This title is quoted verbatim from the “The Drinks Business” online magazine as one of the Top Ten Most Important Wine Stories of 2014… see the whole article here:
Trade Periodicals Trashing Their Own Industry?
What is wrong with a periodical that would publish a piece like this? This is the attitude that validates the snobby reputation holding the wine industry back here in the U.S. The beer or spirits industries would never generate a piece like this…
How did you react when you read this? Personally, I started steaming out the ears… Does wine have to be expensive to be good? UGH, no of course not! The wines selected by the White House were fine. Did they need to serve Harlan Estate, Cayuse, or Bond at $200-$500/btl. to show a representative selection of U.S. wines? If The Drinks Business had done some background research, they would have found the winemakers at these wineries all to be ex-pats from France who have been successful in America. That is the more important message here. Obama hit the nail right on the head. While I may not agree with all of Obama’s politics, he does seem to demonstrate an excellent grasp of how to build a message.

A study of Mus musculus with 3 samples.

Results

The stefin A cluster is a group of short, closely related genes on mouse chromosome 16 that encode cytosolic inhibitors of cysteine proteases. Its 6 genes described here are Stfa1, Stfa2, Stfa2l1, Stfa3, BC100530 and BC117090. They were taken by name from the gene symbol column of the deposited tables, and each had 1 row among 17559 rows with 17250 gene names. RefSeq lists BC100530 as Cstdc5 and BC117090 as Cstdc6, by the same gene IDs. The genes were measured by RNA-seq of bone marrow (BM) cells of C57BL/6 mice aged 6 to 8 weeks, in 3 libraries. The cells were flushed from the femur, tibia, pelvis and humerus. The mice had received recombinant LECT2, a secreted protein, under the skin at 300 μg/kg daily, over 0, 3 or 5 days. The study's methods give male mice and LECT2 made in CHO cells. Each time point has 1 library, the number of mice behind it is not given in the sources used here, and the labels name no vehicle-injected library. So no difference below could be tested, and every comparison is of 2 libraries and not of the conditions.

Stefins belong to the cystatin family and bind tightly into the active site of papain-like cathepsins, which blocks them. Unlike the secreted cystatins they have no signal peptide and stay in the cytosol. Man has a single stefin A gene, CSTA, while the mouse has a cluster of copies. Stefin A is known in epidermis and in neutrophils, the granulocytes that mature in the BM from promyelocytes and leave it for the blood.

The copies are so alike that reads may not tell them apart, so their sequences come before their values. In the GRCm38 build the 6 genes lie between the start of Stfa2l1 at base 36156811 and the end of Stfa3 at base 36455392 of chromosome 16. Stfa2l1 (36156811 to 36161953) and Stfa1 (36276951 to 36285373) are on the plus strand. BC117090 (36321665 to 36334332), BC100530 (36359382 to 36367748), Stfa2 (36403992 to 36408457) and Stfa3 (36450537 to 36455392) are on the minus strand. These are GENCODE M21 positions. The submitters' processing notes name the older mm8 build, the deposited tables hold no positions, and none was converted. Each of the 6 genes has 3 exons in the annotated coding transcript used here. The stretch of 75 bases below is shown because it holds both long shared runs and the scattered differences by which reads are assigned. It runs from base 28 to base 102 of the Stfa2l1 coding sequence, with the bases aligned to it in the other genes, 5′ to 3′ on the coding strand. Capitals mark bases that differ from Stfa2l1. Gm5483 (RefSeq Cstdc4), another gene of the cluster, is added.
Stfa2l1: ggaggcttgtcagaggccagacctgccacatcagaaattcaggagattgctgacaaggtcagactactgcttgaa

Someone Had to Refute this Piece
There should have been more outrage from the industry regarding this. Please join me in sending an email to this periodical and expressing your displeasure with this kind of reporting. You can send an email to: firstname.lastname@example.org.
This piece not only missed the entire intent of the Obama staff and why they chose these wines, but also violated the most basic tenet of our industry: there is excellent value in wines all over the world! I am so tired of the high-brow approach to wine prices. The wine world does not revolve around premium wines from Bordeaux, France and Napa, CA only!
U.K. versus U.S.
I hope The Drinks Business does not reflect wine attitudes in the U.K. Wine should be accessible. This is especially good advice for European wine producers who want to capture more of the U.S. market. Without much exposure to the wine industry in Europe, others will have to comment on the culture there, but I can assure you in the U.S. – even the most ardent collectors are mostly down-to-earth people who enjoy a relaxed wine atmosphere, without the hype.